I’ve been following filmmaking brothers Bill and Turner Ross in my mind since I reviewed their debut documentary feature, 45365, when it had a short season at Australian Centre for the Moving Image in 2010. As far as I had noticed, nothing of theirs had screened in Melbourne since, and I had never had the chance to see their follow up work. I didn’t even know that they were making more films, although I often thought back to the gentle images of Sidney, Ohio, the drifting pulse of small-town America, to the closing sequence of a darkened road accompanied by The Flamingos’ gentle pop tune “I Only Have Eyes For You”.1
With their new film Contemporary Color, they treat everything with the same loving attentiveness and dimestore simplicity given to their hometown of Sidney in 45365. Along with Tchoupitoulas (2012) and Western (2015), this film exists in “a sort of regional Americana trilogy,” as they have said elsewhere. In Contemporary Color, Bill and Turner Ross bring regional America to Manhattan in the form of colour guard, a dance style in which squads of high schoolers perform synchronized routines. The film tracks an experimental performance (of sorts) that came together when David Byrne selected ten of the top colour guard teams from the USA and Canada and matched them with specially chosen musicians, who each wrote original music for their specific teams. While the challenge of colour guard typically lies only in matching choreographed moves with recorded music, this event enriched the performances with the element of live collaboration amongst the artists. In turn, Bill and Turner Ross recruited cinematographer Jarred Alterman—along with a slew of additional operators including Sean Price Williams, Robert Greene, and Jessica Oreck—to document the performance at New York’s Barclay Centre. The result is, as one would expect, kaleidoscopic.
Bill and Turner Ross are not concerned with painting a big picture, but simply follow their intuition, follow their eye. This is not necessarily a formally admirable quality, but it takes thought, and a certain knack for art that the Ross brothers possess, an ability to be intimate while remaining at a distance. Contemporary Color is composed of performance, segments of rehearsal, and backstage interviews, and is very aware of itself as a documentary, including other cameras and photographers from early on. Yet the Ross brothers are not simply documentarians — they are also great filmmakers.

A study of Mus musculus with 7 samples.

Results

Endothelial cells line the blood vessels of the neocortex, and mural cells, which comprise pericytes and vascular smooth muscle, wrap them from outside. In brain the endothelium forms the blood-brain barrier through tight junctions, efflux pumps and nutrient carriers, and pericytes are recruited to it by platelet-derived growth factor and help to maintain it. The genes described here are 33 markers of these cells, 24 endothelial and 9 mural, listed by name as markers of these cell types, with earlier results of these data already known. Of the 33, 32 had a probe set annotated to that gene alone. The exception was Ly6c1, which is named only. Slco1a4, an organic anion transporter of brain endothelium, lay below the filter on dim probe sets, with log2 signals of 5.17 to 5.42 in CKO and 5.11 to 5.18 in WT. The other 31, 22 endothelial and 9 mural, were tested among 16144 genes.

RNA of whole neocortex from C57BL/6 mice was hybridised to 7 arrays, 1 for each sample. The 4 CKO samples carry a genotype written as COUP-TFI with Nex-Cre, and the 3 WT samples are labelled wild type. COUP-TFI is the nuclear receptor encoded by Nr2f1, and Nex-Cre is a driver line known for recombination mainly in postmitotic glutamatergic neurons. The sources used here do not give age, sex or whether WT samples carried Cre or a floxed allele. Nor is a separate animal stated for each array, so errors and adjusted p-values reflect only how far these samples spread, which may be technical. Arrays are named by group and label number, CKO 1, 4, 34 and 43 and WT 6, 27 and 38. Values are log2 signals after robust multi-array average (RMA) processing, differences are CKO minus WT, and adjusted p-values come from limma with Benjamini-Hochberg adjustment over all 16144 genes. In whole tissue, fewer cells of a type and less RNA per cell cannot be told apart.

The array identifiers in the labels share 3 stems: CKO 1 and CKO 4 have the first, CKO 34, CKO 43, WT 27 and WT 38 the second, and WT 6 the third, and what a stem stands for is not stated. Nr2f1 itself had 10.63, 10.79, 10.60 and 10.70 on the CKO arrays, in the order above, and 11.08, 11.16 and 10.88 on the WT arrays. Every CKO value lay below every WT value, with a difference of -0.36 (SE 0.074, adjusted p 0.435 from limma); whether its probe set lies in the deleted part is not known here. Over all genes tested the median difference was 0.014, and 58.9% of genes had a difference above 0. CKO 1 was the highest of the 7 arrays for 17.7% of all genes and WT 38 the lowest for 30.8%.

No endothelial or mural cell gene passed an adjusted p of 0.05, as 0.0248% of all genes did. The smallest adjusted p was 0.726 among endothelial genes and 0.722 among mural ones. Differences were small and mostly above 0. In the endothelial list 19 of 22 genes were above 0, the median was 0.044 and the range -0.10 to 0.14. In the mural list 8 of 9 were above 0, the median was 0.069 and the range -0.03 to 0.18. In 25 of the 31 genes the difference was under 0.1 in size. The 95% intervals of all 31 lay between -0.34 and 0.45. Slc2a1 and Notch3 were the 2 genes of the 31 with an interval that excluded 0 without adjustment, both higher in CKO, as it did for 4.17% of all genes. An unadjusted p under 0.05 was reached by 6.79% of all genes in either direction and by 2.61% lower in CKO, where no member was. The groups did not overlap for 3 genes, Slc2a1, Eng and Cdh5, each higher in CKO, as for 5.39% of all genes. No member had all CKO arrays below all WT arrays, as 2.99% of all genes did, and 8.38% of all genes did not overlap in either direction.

The film seamlessly transitions between footage of the live show and the teams in rehearsals, which creates a fluidity of time and rhythm, and allows them to observe everyday America, on local streets and in school halls, as well as in this performance space. They use slow motion during some performances, to emphasise the entrancing music and the truly hypnotic nature of bodies in synchronised performance, their editing style illuminating the aural beats. Splicing close-ups into wide shots of the stage, this is a focus on the art of dance, of movement, offered by something recent like Anna Rose Holmer’s The Fits with its appreciation of the art of drill in Cincinnati. Shots of musicians and performers are sometimes presented in double exposure, always emphasising the essence of the body in the physical performance of dance and music.2
The wonderful cast of musicians includes Nelly Furtado, Lucius, Devonté Hynes, and Byrne himself. Yet a major drawback is the singing voices of some performers, who for whatever reason — lack of classical training, flawed acoustics, performance fatigue, absence of a recording studio’s tricks — struggled with tone and note accuracy at times. Some entire performances were tainted by this but other voices were beautiful and unique, and the warm rapport between the musicians and their colour guard teams, seen both in performance and behind the scenes, adds some personal elements to the observational documentary. As noted by Byrne, he intended for the performance to encourage camaraderie rather than competitiveness, and the filmmakers enhance this spirit.
The final moments celebrate the performance event with an explosion of rainbow streamers, injecting a disorganised splendour to the strict militaristic discipline and control. In a way, this ending mirrors the opening shot, which captured the rainbow of lights in Manhattan with a template of carnivalesque music. So while the colour guard dance form depends on strict routine, the film itself celebrates the serendipitous colour in the American landscape. Contemporary Color is not a consistently great film, but Bill and Turner Ross always respond to the musical form and cinematic beat, and are intuitively attuned to its creative power. This is one to see in the cinema, for while they the Ross brothers do appreciate small moments, a big screen is the only platform that might replicate the grand live spectacle of the art form they capture here.